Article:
Now that Max Wilbert and I have stayed at Thacker Pass beyond BLM’s 14-day camping limit, a background dread has settled over me. While it’s unlikely that BLM officers will arrest us right away, if they really want to stop an occupation before it gets going, they could. And, Max and I could be charged with crimes that carry a sentence of up to one year in jail. This possibility forces me to ask myself if I am ready to take that risk.
I took a walk today asking myself if I was brave enough to go to jail for Thacker Pass. An intuition pulled me west, towards the setting sun, towards the death of the day. I trudged along through a foot of unbroken snow hoping that I could sweat the stress hormones out of my system, hoping I could walk away from answering my own questions.
But, I couldn’t.
The faster I walked, the more I sweated. With my legs wobbly from pushing through the snow, I finally stopped next to an ancient sage brush, four feet tall and at least as wide. I sat down beside her and confessed my fears.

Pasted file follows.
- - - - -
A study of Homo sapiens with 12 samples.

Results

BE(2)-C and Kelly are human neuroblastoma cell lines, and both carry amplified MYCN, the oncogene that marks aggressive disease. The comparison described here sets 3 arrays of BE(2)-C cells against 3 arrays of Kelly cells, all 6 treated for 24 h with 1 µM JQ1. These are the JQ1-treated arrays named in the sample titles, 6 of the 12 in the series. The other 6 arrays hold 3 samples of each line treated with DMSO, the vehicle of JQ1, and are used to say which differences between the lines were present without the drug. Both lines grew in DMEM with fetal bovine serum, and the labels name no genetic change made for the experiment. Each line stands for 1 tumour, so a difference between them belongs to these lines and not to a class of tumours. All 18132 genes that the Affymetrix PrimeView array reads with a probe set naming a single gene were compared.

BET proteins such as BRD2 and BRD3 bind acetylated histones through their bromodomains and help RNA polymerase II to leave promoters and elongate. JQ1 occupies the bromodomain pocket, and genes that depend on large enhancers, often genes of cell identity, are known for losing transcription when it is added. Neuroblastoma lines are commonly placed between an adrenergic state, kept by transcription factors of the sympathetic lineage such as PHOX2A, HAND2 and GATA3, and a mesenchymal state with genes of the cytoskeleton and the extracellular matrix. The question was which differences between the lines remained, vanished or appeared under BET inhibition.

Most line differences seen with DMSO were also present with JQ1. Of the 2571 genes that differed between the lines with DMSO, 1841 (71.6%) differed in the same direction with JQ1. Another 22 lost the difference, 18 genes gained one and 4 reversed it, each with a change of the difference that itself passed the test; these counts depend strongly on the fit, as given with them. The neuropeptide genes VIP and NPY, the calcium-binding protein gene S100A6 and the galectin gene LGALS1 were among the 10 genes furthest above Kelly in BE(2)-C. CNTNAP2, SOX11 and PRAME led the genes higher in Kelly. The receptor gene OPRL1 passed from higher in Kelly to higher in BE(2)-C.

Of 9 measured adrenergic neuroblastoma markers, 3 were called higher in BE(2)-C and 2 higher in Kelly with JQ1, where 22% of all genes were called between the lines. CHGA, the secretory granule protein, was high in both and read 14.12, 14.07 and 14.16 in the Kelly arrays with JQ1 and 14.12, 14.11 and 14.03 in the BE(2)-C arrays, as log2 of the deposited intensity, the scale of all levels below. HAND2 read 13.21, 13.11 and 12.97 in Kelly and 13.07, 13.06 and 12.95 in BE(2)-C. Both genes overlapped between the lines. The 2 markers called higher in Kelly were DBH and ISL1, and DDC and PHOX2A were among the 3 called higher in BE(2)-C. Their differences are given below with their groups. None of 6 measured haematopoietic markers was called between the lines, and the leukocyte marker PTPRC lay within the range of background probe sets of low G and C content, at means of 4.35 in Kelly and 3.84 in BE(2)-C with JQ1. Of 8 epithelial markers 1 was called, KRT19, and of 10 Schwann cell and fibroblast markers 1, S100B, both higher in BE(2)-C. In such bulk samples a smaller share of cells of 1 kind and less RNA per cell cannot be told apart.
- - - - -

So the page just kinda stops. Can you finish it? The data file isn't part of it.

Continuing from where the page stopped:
All she said was: “How do you think we feel?”
The cold began to get to me. I was afraid of losing a year of liberty. She was afraid of losing her life and the life of everyone she had grown old with. At any time, I could simply pack up camp, get in my car, and drive away to my loved ones. Rooted, she had nowhere to go.
The winter air turned my sweat chill. Pain, and then numbness, crept through my fingertips, up my toes, and over the edges of my body until I pondered that time when my life would end and I would be completely numb. The wind asked me what I would do in the time before the final numbness.
I saw the day lighting up the sky with a final, fantastic splash of color as it died, leaving a legacy of strength and beauty for those of us who must remain to admire. Then, that ancient sage shook off the snow and I knew her taproot was clinging stubbornly to the earth. I felt my own begin to sprout.